6 tips for facilitating remote collaboration sessions

Written by 
Jim Kalbach
March 15, 2015

Many people can’t imagine running a virtual brainstorming session. After all, you don’t have that same immediacy of face-to-face interaction, and there are many things that can go wrong technically.

But with a growing remote workforce, virtual brainstorming sessions will become increasingly necessary. Don’t be put off.

With a little planning and the right tools, your remote session can be just as effective as an in-person meeting.

So don’t let geographic constraints limit what your team can accomplish. Waiting for everyone to be in the same office may simply take too long. Instead, try facilitating a virtual brainstorm to keep up the creative momentum.

Keep in mind that many of the same basic principles of good workshop facilitation still apply to remote sessions:

  • Prepare thoroughly and have engaging activities.
  • Create a good flow to the session, with divergent and convergent exercises coming at appropriate times.
  • Organize the collective thought of the team and derive actionable insight from it towards the end.

For more tips on running brainstorm sessions, in general, see some of our many resources below:

After planning the basics, factor in the unique aspects of a virtual session. First, in order to have real-time discussion use a good web conferencing tool such as Google Hangouts, Appear.in or GoToMeeting. Then, combine that with a collaborative, online whiteboard like Mural to foster your best creativity.

Mural is built for online collaboration. It not only makes the facilitator’s job easier, it also ensures you’ll get the results you need.

Here are 6 tips for facilitating remote brainstorms with MURAL

1. Prepare the workspace ahead of time

Set up the activities in MURAL in advance and plan how you’ll guide participants through the session. First, use the Areas feature to create regions that are linked to the outline tool. Then, during the session, use the Outline tool to seamlessly jump from region to region. The effect will be almost like a presentation.

2. Ensure everyone can log in individually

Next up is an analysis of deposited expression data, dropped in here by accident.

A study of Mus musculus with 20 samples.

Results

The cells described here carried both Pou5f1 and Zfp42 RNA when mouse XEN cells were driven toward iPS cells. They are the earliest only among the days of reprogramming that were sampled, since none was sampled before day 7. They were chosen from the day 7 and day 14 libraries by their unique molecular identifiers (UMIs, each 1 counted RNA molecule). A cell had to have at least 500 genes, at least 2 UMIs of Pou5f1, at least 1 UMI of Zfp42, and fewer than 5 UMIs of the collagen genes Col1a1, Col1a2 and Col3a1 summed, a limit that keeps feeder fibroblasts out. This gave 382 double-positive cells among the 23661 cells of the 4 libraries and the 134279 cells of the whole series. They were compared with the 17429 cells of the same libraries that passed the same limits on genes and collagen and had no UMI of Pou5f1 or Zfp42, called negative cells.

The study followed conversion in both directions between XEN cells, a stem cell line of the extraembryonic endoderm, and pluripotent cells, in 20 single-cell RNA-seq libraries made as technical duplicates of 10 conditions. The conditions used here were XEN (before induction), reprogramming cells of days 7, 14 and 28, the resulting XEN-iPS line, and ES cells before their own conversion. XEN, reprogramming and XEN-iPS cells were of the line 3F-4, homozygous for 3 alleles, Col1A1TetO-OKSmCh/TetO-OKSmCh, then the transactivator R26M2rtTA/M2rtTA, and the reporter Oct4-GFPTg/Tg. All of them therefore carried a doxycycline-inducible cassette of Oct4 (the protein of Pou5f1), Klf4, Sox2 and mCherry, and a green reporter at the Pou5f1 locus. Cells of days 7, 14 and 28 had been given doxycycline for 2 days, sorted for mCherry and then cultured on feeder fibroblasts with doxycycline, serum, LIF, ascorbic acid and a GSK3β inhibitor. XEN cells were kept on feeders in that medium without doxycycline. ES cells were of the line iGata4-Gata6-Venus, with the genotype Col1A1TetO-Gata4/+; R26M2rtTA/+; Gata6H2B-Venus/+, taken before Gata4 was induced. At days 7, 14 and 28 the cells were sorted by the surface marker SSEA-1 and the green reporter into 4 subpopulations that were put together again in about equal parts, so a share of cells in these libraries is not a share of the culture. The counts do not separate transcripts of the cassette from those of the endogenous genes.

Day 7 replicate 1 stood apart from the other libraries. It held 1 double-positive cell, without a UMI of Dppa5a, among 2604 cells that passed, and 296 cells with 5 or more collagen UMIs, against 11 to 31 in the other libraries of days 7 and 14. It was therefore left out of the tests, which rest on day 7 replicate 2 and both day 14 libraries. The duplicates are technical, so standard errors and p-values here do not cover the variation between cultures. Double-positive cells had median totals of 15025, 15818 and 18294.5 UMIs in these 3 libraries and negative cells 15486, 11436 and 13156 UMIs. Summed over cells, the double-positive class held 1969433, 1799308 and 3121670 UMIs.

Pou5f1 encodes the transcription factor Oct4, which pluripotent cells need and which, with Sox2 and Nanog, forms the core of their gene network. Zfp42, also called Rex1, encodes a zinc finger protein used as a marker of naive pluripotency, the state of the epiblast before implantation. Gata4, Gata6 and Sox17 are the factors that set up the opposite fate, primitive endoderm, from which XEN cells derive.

Hybrid audiences--where some people are in-person and others are remote--create an unequal playing field. If two or more people are physically in the same room, make sure that each has individual access to Mural.

This keeps all of the input digital at all times.

In the end, getting their collective output into a common format proved difficult. We don’t recommend working this way with hybrid teams.

It’s better to have everyone do the brainstorming activities directly in Mural.


3. Use the broadcast feature

The broadcast tool in Mural is a key feature for remote collaboration. This allows you to “follow” one person in real time and see exactly what they see--right through the browser.

You can also identify where other participants are on the mural with the named cursors. With this, there is a strong sense of presence for the whole team. You really feel like being in the same room.

If you have a good audio connection, you don’t really need webcams or screen sharing when using Mural.

4. Sketch ideas

After you generate ideas on virtual sticky notes, use the Sketch feature in Mural to illustrate some of them. This is a great way to communicate your ideas visually. It’s easy to sketch with MURAL:

  • Create a new sticky note
  • Click on the “sketch” icon in the upper left of the menu bar
  • Sketch right on the sticky note using your cursor.

There’s also an iPad app for Mural that makes sketching even easier. Just scan the QR for the mural you’re working in, and join via your iPad. Double tap the mural to start a new note and sketch with your finger.

5. Use dot voting to prioritize ideas

After you’ve generated a lot of ideas, you need to make sense of them. Prioritize your output as a group using the Dot Voting feature. This is simple to use.

Just start the dot voting segment in the upper left of your mural. This opens up voting for all participants. You can set how many votes each gets.

Then, everyone individually can click on any element on the mural to “vote” for it. Once you close the voting round, the totals are automatically calculated. It’s easy to see what the collective opinion is of the group with dot voting.

6. Timebox exercises

Many contemporary collaboration techniques rely on timeboxed activities. such as design studios and innovation games. This constraint increases the intensity of the activity and yields better outcomes.

Timebox activities with remote sessions as well.

MURAL will be launching a feature very soon as part of our facilitation tool set. The timer will be built in and readily available. Until then, use your smartphone or tablet to time exercises during remote collaboration.

With a little practice, you can run effective brainstorming sessions with remote teams.

Since Mural is fundamentally a visual tool, it fosters creative collaboration. And because it’s 100% online, all team members can work in the same way, regardless of where they are.

Try Mural today for your next remote brainstorming session.


About the authors

Jim Kalbach

Jim Kalbach

Chief Evangelist
Jim Kalbach is a noted author, speaker, and instructor in customer experience, experience design, digital transformation, and strategy.